The Department of Justice reports that a German bank has agreed to pay more than $130 million to resolve investigations into violations of the Foreign Corrupt Practices Act and commodities fraud. This amount includes an $85.2 million criminal penalty, $681,480 in criminal disgorgement, $1.2 million in victim compensation, and $43.3 million in disgorgement and pre-judgment interest to be paid to the Securities and Exchange Commission.
According to a DOJ press release, the bank was charged with operating a seven-year scheme to conceal corrupt payments and bribes made to third-party intermediaries to obtain business by falsely recording them on the bank’s books and records, as well as related internal accounting control violations. The bank was also charged with a separate scheme to engage in fraudulent and manipulative commodities trading practices involving publicly-traded precious metals futures contracts.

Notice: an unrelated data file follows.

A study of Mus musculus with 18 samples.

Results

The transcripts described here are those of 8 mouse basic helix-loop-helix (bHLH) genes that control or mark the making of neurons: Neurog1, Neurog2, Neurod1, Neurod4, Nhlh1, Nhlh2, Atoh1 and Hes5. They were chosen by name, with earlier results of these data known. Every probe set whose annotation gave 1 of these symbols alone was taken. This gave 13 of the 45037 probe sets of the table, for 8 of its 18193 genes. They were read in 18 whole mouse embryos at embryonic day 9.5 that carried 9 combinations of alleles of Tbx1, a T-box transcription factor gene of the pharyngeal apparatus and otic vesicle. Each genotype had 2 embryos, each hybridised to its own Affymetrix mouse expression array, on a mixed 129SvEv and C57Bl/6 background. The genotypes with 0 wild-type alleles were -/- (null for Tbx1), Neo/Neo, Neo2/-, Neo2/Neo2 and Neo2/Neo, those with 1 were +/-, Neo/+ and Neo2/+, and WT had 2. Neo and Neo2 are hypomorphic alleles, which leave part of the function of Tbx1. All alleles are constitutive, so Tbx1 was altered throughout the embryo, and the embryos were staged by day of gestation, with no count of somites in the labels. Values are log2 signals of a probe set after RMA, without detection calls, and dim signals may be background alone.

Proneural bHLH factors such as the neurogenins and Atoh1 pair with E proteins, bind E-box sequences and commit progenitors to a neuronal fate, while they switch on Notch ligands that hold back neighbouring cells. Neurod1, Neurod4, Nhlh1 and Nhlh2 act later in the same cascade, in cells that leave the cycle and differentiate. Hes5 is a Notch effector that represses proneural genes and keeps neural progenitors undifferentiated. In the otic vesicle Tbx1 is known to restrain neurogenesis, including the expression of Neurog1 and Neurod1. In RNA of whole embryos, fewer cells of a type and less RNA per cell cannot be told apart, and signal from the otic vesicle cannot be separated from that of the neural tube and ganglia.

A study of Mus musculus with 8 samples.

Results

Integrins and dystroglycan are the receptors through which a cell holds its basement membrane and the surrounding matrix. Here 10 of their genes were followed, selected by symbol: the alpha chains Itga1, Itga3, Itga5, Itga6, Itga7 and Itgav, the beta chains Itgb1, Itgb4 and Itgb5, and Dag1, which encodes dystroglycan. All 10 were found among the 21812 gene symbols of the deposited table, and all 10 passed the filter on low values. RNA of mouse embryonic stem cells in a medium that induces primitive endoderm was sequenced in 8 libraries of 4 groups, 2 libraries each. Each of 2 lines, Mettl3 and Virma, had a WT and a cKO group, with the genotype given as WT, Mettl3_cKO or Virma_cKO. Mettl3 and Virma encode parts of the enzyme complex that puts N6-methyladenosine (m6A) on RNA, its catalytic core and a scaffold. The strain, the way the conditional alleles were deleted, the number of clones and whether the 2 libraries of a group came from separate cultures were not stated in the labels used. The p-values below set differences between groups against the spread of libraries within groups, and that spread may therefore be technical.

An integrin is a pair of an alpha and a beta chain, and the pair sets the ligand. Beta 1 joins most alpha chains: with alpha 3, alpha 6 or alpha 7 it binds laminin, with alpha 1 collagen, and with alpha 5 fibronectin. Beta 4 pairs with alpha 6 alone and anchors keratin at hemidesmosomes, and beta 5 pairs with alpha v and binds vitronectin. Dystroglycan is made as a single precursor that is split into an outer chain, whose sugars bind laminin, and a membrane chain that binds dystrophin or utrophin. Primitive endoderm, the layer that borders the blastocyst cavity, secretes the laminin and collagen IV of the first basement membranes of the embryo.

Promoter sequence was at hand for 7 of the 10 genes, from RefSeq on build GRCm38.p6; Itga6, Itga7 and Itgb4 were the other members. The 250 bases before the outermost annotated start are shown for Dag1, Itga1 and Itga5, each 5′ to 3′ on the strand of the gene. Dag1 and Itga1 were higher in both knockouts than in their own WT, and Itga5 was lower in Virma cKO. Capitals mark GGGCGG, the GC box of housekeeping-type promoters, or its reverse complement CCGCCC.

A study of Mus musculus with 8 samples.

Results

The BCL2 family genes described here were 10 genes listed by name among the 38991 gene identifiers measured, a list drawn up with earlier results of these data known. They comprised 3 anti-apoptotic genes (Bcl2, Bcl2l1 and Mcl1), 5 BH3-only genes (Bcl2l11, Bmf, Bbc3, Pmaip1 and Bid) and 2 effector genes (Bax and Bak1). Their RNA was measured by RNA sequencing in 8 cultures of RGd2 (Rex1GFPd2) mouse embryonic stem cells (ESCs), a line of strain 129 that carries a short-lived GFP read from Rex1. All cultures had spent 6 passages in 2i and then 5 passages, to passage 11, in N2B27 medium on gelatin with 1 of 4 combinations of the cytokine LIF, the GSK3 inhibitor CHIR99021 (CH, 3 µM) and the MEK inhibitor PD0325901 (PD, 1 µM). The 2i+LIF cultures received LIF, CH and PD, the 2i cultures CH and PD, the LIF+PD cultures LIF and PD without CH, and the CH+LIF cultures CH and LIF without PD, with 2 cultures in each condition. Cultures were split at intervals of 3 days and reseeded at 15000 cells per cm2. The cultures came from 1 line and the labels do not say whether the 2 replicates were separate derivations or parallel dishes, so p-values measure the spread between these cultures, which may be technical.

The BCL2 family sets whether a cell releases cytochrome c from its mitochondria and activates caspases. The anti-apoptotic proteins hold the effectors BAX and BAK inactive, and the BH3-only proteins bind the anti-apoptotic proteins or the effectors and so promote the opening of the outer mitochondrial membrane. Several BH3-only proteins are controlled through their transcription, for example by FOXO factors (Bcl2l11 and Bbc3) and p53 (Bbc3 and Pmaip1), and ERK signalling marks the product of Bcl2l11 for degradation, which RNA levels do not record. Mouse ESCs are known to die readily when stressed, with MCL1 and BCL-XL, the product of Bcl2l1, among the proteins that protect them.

The DOJ states that it entered into a three-year deferred prosecution agreement with the bank that reflects a number of factors. On the negative side, the bank failed to voluntarily disclose the conduct and the nature and seriousness of the offense, which included corrupt payments, willful violations of the FCPA accounting provisions, and commodities trading violations in three countries. However, the bank also received full credit for its cooperation with the DOJ’s investigations and its significant remediation. As a result, penalties associated with both the FCPA and wire fraud conspiracies reflect 25 percent off the middle of the otherwise-applicable U.S. Sentencing Guidelines fine range.
For more information on the FCPA, please contact Kristine Pirnia.